Lyndall Phelps completed her Bachelor of Education in Art, and MAs in Art and Art Administration at the College of Fine Art, Sydney. She has been living and working in England since 1999. She has had solo exhibitions in both Australia and England, including Canary Wharf: London, firstsite: Colchester, Leamington Spa Art Gallery and Museum, Milton Keynes Gallery, the Natural History Museum at Tring and University of Hertfordshire Galleries.
The core of Lyndall Phelps’ art practice is formed by site and context-specific work that primarily references historical narratives, places and collections. She is attracted to objects and stories that reveal a certain fragility or vulnerability. However, rescue or escape, healing or protection, are never far from the surface. The work is deliberately playful, sometimes magical and at times surreal: the distinction between fact and fiction is difficult to ascertain.
Phelps’ practice is strongly process-based, involving considerable research and collaboration with experts, both professional and amateur. Her work for Μουσείον reflects this: ‘Softkill’ and ‘The Pigeon Archive’ saw Phelps liaise with radar scientists and pigeon fanciers respectively. Museum practices are regularly incorporated into her work and its public presentation, including cataloguing procedures, museum storage systems, and object display and interpretation methods.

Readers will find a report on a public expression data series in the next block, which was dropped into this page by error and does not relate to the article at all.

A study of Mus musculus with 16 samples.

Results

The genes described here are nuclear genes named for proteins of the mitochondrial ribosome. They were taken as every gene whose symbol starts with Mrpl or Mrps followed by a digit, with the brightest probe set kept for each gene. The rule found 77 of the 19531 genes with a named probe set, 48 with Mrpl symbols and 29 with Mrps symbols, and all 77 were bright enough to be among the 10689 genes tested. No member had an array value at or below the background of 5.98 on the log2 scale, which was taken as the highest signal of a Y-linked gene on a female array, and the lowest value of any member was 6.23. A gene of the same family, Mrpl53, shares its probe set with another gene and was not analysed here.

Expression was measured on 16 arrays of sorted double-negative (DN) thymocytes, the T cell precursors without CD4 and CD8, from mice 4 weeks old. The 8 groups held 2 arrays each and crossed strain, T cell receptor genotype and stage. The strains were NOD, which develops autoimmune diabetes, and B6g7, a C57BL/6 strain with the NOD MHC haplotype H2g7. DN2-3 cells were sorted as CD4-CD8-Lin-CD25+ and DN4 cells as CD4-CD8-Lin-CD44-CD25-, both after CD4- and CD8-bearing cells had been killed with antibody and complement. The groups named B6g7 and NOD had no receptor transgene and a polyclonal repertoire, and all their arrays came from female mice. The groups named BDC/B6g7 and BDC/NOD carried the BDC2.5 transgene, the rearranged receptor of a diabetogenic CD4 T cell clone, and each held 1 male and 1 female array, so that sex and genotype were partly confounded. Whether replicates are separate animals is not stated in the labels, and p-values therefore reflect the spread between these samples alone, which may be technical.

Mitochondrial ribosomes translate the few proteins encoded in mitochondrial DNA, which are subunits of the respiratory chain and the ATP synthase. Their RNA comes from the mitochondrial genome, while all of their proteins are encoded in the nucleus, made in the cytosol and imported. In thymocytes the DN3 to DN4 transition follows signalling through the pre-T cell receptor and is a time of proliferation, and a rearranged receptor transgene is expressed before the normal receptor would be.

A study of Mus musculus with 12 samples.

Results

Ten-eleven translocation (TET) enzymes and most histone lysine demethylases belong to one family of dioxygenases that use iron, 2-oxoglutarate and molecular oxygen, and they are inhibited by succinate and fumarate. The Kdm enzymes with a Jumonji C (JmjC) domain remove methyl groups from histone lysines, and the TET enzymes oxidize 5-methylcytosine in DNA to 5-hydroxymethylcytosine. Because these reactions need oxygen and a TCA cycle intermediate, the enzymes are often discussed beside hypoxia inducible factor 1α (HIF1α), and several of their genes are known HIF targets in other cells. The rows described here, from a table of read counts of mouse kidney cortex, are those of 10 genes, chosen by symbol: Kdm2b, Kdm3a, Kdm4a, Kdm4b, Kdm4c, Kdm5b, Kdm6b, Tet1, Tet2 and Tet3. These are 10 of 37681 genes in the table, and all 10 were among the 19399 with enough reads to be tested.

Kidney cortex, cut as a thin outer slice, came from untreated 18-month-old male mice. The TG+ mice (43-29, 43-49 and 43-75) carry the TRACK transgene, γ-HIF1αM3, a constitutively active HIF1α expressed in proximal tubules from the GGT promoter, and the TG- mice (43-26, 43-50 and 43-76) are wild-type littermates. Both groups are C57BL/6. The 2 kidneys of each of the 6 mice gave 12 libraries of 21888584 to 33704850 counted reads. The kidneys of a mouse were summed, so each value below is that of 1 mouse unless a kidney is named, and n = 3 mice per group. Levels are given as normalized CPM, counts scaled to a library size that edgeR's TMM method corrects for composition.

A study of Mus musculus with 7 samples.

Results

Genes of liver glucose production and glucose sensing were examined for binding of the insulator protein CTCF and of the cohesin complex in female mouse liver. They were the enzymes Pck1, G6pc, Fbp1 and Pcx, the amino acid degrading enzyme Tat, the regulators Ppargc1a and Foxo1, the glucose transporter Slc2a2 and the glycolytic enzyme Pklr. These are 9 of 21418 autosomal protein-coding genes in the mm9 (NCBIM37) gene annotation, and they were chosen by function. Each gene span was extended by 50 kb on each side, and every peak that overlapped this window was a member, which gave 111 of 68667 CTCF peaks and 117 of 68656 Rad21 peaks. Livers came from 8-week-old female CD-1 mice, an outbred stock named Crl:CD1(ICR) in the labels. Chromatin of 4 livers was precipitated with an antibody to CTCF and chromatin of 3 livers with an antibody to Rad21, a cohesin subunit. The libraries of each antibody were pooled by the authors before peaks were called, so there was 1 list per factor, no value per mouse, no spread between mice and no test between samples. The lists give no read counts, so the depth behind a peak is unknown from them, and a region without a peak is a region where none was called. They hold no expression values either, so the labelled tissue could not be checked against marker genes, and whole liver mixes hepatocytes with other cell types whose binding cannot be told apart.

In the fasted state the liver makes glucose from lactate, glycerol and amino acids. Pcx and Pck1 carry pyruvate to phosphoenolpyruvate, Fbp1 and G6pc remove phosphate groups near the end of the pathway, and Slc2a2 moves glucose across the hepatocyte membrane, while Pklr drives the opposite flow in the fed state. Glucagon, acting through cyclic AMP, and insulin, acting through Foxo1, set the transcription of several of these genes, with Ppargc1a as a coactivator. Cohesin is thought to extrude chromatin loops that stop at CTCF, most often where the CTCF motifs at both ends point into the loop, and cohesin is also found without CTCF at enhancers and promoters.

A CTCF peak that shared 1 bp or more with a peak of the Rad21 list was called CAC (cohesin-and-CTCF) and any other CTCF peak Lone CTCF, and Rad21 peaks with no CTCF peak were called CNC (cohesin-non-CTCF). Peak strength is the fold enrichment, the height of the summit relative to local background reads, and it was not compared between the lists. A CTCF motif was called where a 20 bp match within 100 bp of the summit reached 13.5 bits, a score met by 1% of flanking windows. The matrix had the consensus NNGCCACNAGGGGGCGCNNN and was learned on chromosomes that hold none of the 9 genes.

‘Softkill’ was a response to Phelps’ collaboration with radar scientists from Cranfield University, where they explored the potential for new military radar technology to help natural history scientists search for illusive wildlife. She chose to focus on birds that are much maligned, such as magpies and birds of prey. Phelps prototyped and fabricated radar countermeasures for each species, which could, in theory, prevent them from being detected by radar. Drawings were also created, which showed computer graphic data of a bird as it passed through the radar beam.
‘The Pigeon Archive’ documented through photography, video and sculpture, ways in which homing pigeons were used during the First and Second World Wars. Procedures that inhibited or denied pigeons their natural behaviour were of particular interest to Phelps; their historic manoeuvres re-staged using re-constructed wartime equipment, such as pigeon parachutes and backpacks. A set of postcard multiples, showing the recommended way to wrap pigeons before dropping them from aircraft was also produced.